The Myth Of Razors And Razor Blades

The story goes that King Gillette revolutionized business by coming up with the strategy of selling razors cheaply, but then locking people in to expensive disposable blades, where the margin existed. This strategy has become so well-known that it's mentioned all the time and seen in lots of other industries as well, especially the technology industry. It's seen as the basis for console video games (consoles cheap, games expensive), printers (printers cheap, ink expensive), mobile phone service (phones cheap, service expensive), etc. Of course, various business strategists who discuss the razor-razor blade business model suggest that there are some key rules to making this work: for example, many feel that there needs to be some level of lock-in, that prevents competitors from entering the high margin part of the market. And here's where patents enter the story.

Time Based Pricing for Internet Content « Nova Spivack – Minding the Planet. I am not advocating charging for content online, however, it may be a necessary evil for some content providers to survive.

Time Based Pricing for Internet Content « Nova Spivack – Minding the Planet

Without subscription revenues the newspaper industry is dying. The same is true for magazine publishers. Online content providers face similar challenges – the cost of doing high-quality editorial is high and the revenues from advertising are not always enough to cover them. Furthermore, smaller content providers – that don’t have the benefit of massive traffic-generating audiences – definitely cannot cover their editorial costs from advertising alone. Without some solution to this problem it is likely that many large and small content providers (both old/traditional and new/online content providers) will find it hard to survive in the age of the Web.

Various companies have experimented with charging for content. The basic proposal is “time-based pricing” that is similar to how financial data feeds are provided. Business ecology and the four customer currenci. Lately, I’ve been rethinking the concept of “business model” for startups, in favor of something I call “business ecology.”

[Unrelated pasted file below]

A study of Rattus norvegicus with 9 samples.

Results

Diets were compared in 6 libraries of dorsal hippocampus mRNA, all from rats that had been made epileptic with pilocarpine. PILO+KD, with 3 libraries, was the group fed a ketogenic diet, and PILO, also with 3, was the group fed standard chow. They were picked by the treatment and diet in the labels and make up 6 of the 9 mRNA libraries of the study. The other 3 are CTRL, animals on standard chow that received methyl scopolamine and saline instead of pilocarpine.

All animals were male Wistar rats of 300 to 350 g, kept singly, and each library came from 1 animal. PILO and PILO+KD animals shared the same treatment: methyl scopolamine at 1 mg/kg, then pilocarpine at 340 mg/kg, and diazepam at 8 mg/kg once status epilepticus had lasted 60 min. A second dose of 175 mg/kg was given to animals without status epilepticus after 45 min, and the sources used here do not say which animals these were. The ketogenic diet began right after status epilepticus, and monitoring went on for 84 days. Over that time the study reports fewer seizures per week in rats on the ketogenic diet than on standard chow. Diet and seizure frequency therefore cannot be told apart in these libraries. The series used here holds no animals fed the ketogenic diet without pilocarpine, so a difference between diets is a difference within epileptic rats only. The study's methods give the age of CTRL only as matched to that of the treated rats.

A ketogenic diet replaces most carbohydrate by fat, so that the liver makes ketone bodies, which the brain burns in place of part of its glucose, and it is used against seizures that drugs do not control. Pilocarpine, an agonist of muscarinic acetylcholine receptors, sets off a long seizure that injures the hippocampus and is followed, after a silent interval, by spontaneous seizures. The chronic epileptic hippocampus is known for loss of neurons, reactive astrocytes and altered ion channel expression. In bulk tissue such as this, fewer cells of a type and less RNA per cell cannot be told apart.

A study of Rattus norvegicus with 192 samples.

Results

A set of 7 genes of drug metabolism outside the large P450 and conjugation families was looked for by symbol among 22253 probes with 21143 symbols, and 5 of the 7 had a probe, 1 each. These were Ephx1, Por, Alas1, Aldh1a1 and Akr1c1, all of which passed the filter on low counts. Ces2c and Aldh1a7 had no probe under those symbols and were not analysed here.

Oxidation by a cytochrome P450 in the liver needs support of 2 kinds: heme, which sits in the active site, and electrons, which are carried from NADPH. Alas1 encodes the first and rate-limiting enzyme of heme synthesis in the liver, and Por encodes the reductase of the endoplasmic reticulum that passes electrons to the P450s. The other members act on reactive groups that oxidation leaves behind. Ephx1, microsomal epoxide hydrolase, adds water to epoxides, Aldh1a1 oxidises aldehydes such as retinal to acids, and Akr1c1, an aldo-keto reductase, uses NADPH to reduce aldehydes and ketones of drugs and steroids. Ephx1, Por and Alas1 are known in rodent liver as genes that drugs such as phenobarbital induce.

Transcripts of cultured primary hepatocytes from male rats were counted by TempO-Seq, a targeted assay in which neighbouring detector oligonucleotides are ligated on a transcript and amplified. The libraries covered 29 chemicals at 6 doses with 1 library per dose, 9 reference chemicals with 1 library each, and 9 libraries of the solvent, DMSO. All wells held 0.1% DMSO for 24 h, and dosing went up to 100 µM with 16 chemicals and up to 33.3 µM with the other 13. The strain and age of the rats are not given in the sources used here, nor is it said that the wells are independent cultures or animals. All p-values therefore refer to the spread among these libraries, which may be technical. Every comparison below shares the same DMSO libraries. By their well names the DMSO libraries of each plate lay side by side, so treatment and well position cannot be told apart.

Business ecology and the four customer currenci

In an ecosystem, each participant acts according to its own imperatives, but these selfish actions have an aggregate effect. Some ecosystems are stable, others malign, and others grow and prosper. A successful startup strives for this latter case. I think this concept is necessary in order to answer the truly vexing startup questions, like: “Should startups charge customers money from day one?”

Let’s begin with the four customer currencies. If players with more money than others can simply buy their way to the top of the heap, a multiplayer game fails – because this makes the game un-fun for other players. Each of these four currencies represents a way for a customer to “pay” for services from a company. Here’s the ecosystem we built at IMVU, just to give one example.

Having a balanced ecosystem is what game designers strive for.


The Collapse of Complex Business Models

From the Q&A after, it was clear that for them, the question wasn’t whether the internet was going to alter their business, but about the mode and tempo of that alteration. Against that background, though, they were worried about a much more practical matter: When, they asked, would online video generate enough money to cover their current costs? That kind of question comes up a lot. It’s a tough one to answer, not just because the answer is unlikely to make anybody happy, but because the premise is more important than the question itself. There are two essential bits of background here. Here’s why. In 1988, Joseph Tainter wrote a chilling book called The Collapse of Complex Societies. The answer he arrived at was that they hadn’t collapsed despite their cultural sophistication, they’d collapsed because of it. The ‘and them some’ is what causes the trouble. Dr. Or it might not.